A recent post by energy blogger Kurt Cobb considers this issue in detail (full disclosure: Kurt is a friend of mine). He claims that denialists are using a clever rhetorical trick to “get both the public and policymakers to abandon the preponderance of evidence standard used primarily in civil trials--and which is similar to evidence-based public policymaking--in favor of another judicial standard designed for criminal trials, namely, beyond a reasonable doubt.”

Kurt points out that a “beyond a reasonable doubt” standard is really only designed to be used when considering the guilt of an individual — because, as William Blackstone put it: “It is better that ten guilty persons escape than that one innocent suffer.” But this same standard would be disaster for public policy. For example, should we wait to build a levee until we are 100 percent sure that a flood is coming?

Climate-change deniers are basically claiming that regulating greenhouse gas emissions should only be undertaken when we are 100 percent certain of their role in global warming. They do so not because this is prudent, but because such a standard means that any evidence they offer which casts even the slightest shadow of a doubt on some obscure corner of climate science can be offered up as a reason for inaction. Since the denial lobby is largely funded by fossil fuel corporations, and fighting climate change hurts their bottom line, this strategy makes logical sense.

But not moral sense. If there is even a fairly remote chance that a catastrophic event will occur, we are often moved to take action (this is why we buy home insurance and health insurance). The greater the severity of possible harm and the greater the odds of it happening, the greater the need for prudence. In the case of climate change, the degree of possible harm is high: predictions include crop failure, catastrophic flooding, severe drought, and killer heat waves, all of which could bring great suffering to vast numbers of people.

The likelihood of occurrence is also high. As Cobb says, “the role of greenhouse gases in causing climate change comes closer to a 100 percent certainty than perhaps any previous scientific finding used to justify public policy action.” When 95 to 97 percent of the scientists tasked with finding out about this issue are in accord that carbon pollution is endangering our future, it is reasonable to do take prudent action — unless of course you are being paid a lot of money to say otherwise, or unless you are an ideologue who believes that government action is always wrong and industry pundits are always right.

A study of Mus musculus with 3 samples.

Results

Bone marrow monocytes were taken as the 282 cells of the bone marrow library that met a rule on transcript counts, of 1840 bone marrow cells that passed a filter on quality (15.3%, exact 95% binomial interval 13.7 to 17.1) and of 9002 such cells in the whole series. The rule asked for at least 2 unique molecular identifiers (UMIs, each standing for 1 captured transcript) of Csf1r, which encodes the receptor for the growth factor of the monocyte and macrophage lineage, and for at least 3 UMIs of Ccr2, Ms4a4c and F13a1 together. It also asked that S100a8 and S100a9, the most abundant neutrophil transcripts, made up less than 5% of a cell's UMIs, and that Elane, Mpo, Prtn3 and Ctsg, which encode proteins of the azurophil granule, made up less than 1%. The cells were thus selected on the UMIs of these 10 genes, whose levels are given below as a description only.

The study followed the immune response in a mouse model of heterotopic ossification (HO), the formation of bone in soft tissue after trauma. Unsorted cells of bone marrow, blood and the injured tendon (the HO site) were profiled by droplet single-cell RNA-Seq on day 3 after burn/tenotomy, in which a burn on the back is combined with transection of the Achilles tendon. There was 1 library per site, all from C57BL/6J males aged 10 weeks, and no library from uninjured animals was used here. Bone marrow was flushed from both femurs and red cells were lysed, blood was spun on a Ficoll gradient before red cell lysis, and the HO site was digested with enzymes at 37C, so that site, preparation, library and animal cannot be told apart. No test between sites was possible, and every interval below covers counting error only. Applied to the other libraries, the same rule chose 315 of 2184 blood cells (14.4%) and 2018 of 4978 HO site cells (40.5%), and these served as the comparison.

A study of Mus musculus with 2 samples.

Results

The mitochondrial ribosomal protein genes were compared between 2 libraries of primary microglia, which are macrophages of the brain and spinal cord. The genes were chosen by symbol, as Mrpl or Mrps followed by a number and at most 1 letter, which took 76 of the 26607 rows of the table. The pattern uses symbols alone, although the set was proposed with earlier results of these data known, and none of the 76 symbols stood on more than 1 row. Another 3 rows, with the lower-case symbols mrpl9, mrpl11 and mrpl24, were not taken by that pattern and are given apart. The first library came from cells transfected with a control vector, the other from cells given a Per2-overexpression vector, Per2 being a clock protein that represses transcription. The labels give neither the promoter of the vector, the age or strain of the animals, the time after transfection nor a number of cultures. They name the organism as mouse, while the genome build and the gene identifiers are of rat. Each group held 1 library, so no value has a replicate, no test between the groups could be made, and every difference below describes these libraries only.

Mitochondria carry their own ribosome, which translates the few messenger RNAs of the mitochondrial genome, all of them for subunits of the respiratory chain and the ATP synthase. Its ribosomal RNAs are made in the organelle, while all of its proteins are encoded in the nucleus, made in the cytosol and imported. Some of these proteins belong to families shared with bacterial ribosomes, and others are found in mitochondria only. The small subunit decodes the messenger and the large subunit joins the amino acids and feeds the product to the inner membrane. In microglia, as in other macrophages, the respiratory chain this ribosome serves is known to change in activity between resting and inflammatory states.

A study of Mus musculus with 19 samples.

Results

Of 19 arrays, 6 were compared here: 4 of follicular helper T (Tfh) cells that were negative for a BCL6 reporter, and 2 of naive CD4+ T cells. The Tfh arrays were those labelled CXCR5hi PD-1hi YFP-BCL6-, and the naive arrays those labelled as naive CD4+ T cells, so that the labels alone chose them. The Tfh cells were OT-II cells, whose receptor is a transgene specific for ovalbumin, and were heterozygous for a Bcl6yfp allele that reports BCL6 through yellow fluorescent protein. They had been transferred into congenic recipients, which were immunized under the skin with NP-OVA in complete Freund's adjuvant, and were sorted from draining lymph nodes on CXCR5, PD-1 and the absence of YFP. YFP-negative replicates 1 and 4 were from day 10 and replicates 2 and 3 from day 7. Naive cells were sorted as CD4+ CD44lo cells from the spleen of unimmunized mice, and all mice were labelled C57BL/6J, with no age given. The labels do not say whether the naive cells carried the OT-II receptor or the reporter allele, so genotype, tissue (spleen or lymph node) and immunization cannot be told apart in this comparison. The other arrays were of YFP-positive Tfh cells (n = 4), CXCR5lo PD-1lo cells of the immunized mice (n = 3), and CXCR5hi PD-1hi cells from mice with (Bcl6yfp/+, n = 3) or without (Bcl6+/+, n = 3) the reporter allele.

What if the shoe were on the other foot? What if climate deniers were held to the same standard of proof they are holding climate scientists to? Cobb’s article states,“There are only a tiny number of bona fide climate scientists who still say that the evidence is inconclusive concerning human contributions to climate change. There are none — so far as I know zero — who say that climate science proves that humans are not causing climate change — which would imply that these skeptics have a comprehensive, evidence-based theory of climate change which does not merely suggest nonhuman causes (which are already accepted by climate science), but which successfully refutes the enormous and growing evidence for human activities as a major cause.” Climate deniers do not have a case: they only have a strategy for blocking action.

This is of course why the other denialist strategy for delaying action is to forbid people from even talking about climate change, as just happened in Wisconsin. As was true in the campaign to keep Americans from knowing about the link between cigarettes and cancer, the fight to keep Americans from knowing about the link between fossil fuels and climate disaster depends on the twin forces of ignorance and doubt.

We should not be fooled by this. In our daily lives we act prudently on the preponderance of evidence to protect our families and communities from harm. We buy insurance, we don’t drive drunk, we tell our kids to fasten their seat belts and their life jackets — all without knowing for certain that bad things are going to happen. As Cobb puts it, “Where uncertainty remains concerning the possible consequences of climate change, that uncertainty — far from supporting inertia — actually cries out for significant and aggressive action in an effort to avert possible catastrophe.”